At dusk, a week ago, the sky glowed with a smoky, burnt-orange, amber hue. It looked like a fire, maybe a few miles away. By 9 o'clock that night, the smoke filled our house, making it hard to breathe and irritating the eyes.
The next morning, a light dusting of ash covered cars, sidewalks and bushes. When I opened the local newspaper, a short blurb caught my eye: "Fire near Napa Valley chars 3,800 acres." The dateline: Guinda, Yolo County.
Yolo County is northeast of Napa County, about 20 miles away, as the crow flies. Before reaching Napa Valley's vineyards, the fire would likely have run into Lake Berryessa, a massive reservoir that forms part of the boundary between Napa and Yolo counties. So there was no real danger.
But the fire jogged my memory. One of the biggest stories I've covered in 30 years of reporting was a devastating arson blaze in Napa Valley in 1981, the day after the inaugural Napa Valley Wine Auction.
On a hot, dry, windy June day, a firebug set a series of fires along the Silverado Trail near Yountville. Arid 25 mph winds fanned the blaze, which in a matter of hours turned into a massive inferno, quickly charring hundreds, then thousands of parched acres. It took days for an army of 800 firefighters to contain and finally extinguish the raging fire. In the end, it scorched 25,000 acres and destroyed dozens of homes. Miraculously, no one died.
In the ensuing days, as news of the fire in Napa Valley spread, I began to receive phone calls from news media around the world. People wanted to know how bad Napa's famous vines had been hit.
It turned out that a few vines along the upper reaches of the valley floor near the Stags Leap District had been singed, and perhaps a few in the Atlas Peak area had actually been destroyed. But by and large, Napa's vineyards escaped the Atlas Peak fire unharmed.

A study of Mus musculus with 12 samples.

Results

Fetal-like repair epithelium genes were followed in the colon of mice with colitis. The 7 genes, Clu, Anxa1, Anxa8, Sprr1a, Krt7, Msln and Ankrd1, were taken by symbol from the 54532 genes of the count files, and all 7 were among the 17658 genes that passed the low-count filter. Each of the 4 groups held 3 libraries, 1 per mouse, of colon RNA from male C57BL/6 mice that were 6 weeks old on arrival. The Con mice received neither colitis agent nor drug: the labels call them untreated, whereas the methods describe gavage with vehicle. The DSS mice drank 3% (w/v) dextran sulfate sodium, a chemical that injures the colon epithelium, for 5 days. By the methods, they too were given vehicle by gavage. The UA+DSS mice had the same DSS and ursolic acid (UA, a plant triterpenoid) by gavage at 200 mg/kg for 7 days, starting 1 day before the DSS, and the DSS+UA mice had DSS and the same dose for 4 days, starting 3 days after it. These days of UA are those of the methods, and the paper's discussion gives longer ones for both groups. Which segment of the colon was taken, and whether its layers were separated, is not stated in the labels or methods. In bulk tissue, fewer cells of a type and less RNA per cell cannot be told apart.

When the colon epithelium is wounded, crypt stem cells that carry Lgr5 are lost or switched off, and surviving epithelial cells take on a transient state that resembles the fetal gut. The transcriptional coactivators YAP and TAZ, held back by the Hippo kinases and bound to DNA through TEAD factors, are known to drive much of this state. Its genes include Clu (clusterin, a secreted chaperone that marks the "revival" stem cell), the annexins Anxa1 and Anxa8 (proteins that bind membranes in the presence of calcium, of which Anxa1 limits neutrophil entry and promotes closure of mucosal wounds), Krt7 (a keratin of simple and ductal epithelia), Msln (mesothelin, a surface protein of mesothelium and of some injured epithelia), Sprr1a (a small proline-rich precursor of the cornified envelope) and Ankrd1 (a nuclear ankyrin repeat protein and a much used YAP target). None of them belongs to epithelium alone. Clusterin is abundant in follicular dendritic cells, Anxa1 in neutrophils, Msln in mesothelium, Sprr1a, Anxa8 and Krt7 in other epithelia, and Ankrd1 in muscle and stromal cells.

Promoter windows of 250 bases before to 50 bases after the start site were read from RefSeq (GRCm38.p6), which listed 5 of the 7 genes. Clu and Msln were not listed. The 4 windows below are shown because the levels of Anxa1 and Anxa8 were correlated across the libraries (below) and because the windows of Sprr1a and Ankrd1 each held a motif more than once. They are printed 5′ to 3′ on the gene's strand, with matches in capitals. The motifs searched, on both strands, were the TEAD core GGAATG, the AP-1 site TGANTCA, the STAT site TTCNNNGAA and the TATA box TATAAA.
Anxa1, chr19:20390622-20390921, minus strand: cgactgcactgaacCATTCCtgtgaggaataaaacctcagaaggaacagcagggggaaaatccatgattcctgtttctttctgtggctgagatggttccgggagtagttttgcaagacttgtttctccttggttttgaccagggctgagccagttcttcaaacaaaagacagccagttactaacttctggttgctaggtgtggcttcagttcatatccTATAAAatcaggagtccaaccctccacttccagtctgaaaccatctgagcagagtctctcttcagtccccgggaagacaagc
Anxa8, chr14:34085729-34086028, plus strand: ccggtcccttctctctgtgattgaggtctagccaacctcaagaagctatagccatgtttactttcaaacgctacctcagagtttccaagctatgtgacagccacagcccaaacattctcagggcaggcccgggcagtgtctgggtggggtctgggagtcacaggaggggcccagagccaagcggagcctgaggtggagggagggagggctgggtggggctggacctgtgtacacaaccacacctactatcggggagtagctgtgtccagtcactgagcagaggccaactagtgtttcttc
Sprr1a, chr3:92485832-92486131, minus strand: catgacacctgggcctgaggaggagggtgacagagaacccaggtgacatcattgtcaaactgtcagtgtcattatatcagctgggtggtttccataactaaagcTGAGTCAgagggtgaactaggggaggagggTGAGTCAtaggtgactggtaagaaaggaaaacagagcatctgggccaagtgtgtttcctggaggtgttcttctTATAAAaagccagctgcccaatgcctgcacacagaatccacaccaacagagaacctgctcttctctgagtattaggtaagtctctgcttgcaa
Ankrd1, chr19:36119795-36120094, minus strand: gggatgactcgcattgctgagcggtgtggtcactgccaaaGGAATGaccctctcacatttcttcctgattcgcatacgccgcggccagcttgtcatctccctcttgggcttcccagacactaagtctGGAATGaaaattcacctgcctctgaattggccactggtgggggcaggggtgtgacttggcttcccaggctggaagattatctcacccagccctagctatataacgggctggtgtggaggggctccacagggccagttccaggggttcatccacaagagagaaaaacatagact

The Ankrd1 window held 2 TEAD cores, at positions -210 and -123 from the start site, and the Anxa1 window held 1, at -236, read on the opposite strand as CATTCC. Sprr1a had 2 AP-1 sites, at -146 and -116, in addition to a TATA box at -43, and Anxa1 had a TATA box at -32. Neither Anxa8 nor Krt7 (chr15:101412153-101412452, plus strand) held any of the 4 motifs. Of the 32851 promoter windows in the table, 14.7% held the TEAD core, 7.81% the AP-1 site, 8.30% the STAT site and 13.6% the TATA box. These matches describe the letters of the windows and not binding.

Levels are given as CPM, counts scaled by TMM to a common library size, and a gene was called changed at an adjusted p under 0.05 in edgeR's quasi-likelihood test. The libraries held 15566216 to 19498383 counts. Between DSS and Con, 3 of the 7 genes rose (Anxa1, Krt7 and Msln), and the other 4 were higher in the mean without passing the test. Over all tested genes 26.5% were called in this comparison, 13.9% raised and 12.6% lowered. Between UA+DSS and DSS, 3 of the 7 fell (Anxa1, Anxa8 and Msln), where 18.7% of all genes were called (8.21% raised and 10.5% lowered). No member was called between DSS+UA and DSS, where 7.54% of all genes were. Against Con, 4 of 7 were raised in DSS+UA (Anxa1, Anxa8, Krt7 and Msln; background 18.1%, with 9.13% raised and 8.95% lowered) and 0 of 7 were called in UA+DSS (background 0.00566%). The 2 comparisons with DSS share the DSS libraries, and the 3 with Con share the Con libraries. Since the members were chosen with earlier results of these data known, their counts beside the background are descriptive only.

Vineyards don't burn easily (because they're not dry timber or underbrush, which do ignite easily). And many, if not most, vineyards have irrigation systems. Should a vineyard be threatened by fire, a winegrower could turn on the drip irrigation or the overhead sprinkler systems, which are used for frost protection.
So the next time you hear about a fire in Napa or Sonoma or Santa Barbara or Paso Robles, worry about people and their homes. But don't fret about the vines. Chances are good they'll be just fine.
This time of year, when harvest is still usually underway, can also bring the first seasonal storms. The first one of the season arrived this past weekend. Bay Area media love these storms. They make for sensational sound bites about impending disaster in Napa or Sonoma, leading up to the 10 o'clock news.
Most years, at least a little rain dampens the vineyards sometime between August and October. Growers, especially those who farm thin-skinned varieties such as Pinot Noir, don't welcome this rain. But even when it rains--and sometimes it can rain 2 to 3 inches--what matters most is what happens after the storm.
If the ground stays wet and the weather cool or mild, mold can sprout. But if the rainstorm is followed by hot, dry or windy weather, then there's rarely much damage or cause for concern. Old-timers say those rainstorms in August and September are wake-up calls from Nature, signaling the grapevines to hurry up and ripen their berries.
As for floods, the rule of thumb is pretty simple, too. When it floods, it's during the winter months, when the vines are dormant. Floods can cause serious vineyard erosion and muddy cellars, but they don't do much damage to vines without grapes.
Earthquakes are in their own special category. They can happen at any time of the year. Wine cellars, homes, restaurants, buildings, roads and bridges may be rattled or destroyed. But unless the fault line runs directly through a vineyard, the vines don't mind at all.
Spectacular weather makes for vivid images and lively news stories. But when it comes to California's vineyards, weather rarely results in disaster. Vines are tough. Those who make wine know this; those of us who drink it could learn a lesson about patience and confidence.